Eniram launches shipboard commercial performance monitoring tool

Sep 30 2016

Eniram and its new parent Wärtsilä have launched SkyLight – a fleet performance monitoring service aimed at commercial operators of large vessels, such as tankers.

It offers an improved and more accurate solution, compared to manual performance reporting with AIS, as the signal can be problematic in certain parts of the world, the company claimed.


Ship’s movement data is collected every five minutes and sent via satellite connection to Eniram’s data centre via L-band, as the amount of data transferred is not that large.


This data, together with the vessel’s noon reports - some 80% of vessels still use this format - is combined and enhanced with meteorological data, sea state and currents, to model the vessel’s speed and fuel performance. The noon reports provide the vessel’s draught and the bunkers remaining on board (ROB).


This makes it possible to calculate very accurate fuel-speed curves without on board integration or costly installations. This forms the basis for all ship and performance optimisation, Eniram claimed. The software keeps records of the ships’ performance, enabling more prompt reporting, planning and cost optimisation.


“Access to fuel and speed performance data increases visibility and supports the optimisation of the vessel’s performance. This way, ship operators can manage their business more effectively,” claimed Jan Wilhelmsson, Vice President Commercial Shipping at Eniram. “Delivering performance monitoring through portable equipment as a service enables operators with shorter business cycles to get the benefits of advanced data analytics. As satellite connectivity is rapidly improving, this type of service is a natural first step in the utilization of real-time data for fuel performance optimisation.”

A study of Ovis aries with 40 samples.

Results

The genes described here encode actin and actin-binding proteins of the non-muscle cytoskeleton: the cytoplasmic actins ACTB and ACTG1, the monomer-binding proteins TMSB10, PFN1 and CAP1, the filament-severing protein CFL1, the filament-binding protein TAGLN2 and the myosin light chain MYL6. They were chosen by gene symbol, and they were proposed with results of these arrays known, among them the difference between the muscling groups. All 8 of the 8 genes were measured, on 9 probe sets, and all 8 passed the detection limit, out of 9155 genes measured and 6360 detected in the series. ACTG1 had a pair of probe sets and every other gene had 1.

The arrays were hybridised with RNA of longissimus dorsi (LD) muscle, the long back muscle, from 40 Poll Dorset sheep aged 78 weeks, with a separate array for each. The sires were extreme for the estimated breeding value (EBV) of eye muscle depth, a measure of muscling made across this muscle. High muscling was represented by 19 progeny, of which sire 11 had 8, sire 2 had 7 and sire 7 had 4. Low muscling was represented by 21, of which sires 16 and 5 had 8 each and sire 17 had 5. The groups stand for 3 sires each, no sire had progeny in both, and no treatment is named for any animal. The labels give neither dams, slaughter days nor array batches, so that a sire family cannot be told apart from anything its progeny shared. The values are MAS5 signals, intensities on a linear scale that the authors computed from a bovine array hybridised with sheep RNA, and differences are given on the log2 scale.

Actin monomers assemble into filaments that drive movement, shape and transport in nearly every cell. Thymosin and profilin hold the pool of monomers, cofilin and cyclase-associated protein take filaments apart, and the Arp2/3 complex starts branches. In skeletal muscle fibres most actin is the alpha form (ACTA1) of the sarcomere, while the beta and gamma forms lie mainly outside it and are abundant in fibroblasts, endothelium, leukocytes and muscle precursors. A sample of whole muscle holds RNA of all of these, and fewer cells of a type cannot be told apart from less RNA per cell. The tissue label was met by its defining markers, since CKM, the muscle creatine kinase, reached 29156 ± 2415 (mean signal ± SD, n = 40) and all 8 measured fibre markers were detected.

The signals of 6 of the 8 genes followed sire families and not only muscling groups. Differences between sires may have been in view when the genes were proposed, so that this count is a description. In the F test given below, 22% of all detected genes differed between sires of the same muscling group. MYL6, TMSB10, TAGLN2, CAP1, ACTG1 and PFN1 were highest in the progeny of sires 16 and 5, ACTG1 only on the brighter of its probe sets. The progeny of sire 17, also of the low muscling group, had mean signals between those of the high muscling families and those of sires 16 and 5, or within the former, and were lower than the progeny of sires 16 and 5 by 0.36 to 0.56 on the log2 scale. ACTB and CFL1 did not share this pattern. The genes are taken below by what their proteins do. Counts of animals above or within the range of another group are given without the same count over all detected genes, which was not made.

SkyLight will also make charterparty monitoring transparent and near real-time. It will deliver an enhanced normalised fuel curve that can improve the optimisation of commercial operations, the company said.


A charterparty monitoring report can be delivered in around two minutes with which an operator/charterer will be able to see if the vessel is performing as per the c/p terms. A speed profile report can also be generated. These reports can be accessed via apps.


A subscription-based service, costing only around €460 per month all up, including the hardware - a two-way transponder bolted onto the ship’s rail - this approach makes energy and performance management available to all operators, owners and charterers, regardless of the size of their fleet, Eniram said.


Users have instant access to the collected and analysed performance data via Fleet, Eniram’s cloud-based software interface. Reports are also sent to customers in a PDF format for easy storage.


“With opportunities created by connectivity and the Internet of Things (IoT), we can provide intelligent sensors, integrated satellite communication and web-based analytics tools for optimising ship performance at cost levels never seen before. This, combined with the vast amount of data Eniram has collected over several years, brings cost savings to our customers and helps them to make the right business decisions,” Wilhelmsson concluded.


At a presentation in London, where Eniram has recently opened an office, the company said that thus far oil companies and traders spoken with were happy with the data integrity.


For the future, Eniram is working on propeller and hull fouling calculation software and a route benchmarking tool. The company also has its eye on the monitoring, reporting and verification (MRV) initiatives at the IMO and a software solution could be designed at some stage.


Eniram stressed it did not want to become a weather routeing company but said SkyLight could benchmark the companies offering this service.


The system is aimed at eliminating the ‘cat and mouse’ games often played between owner and charterer. The system has been designed for a 2-stroke, single engine, direct drive vessel, such as a large tanker.


The parameters needed are vessel length, breadth, draught and ship type and then Eniram claimed to be able to forecast the result through collecting years of voyage data.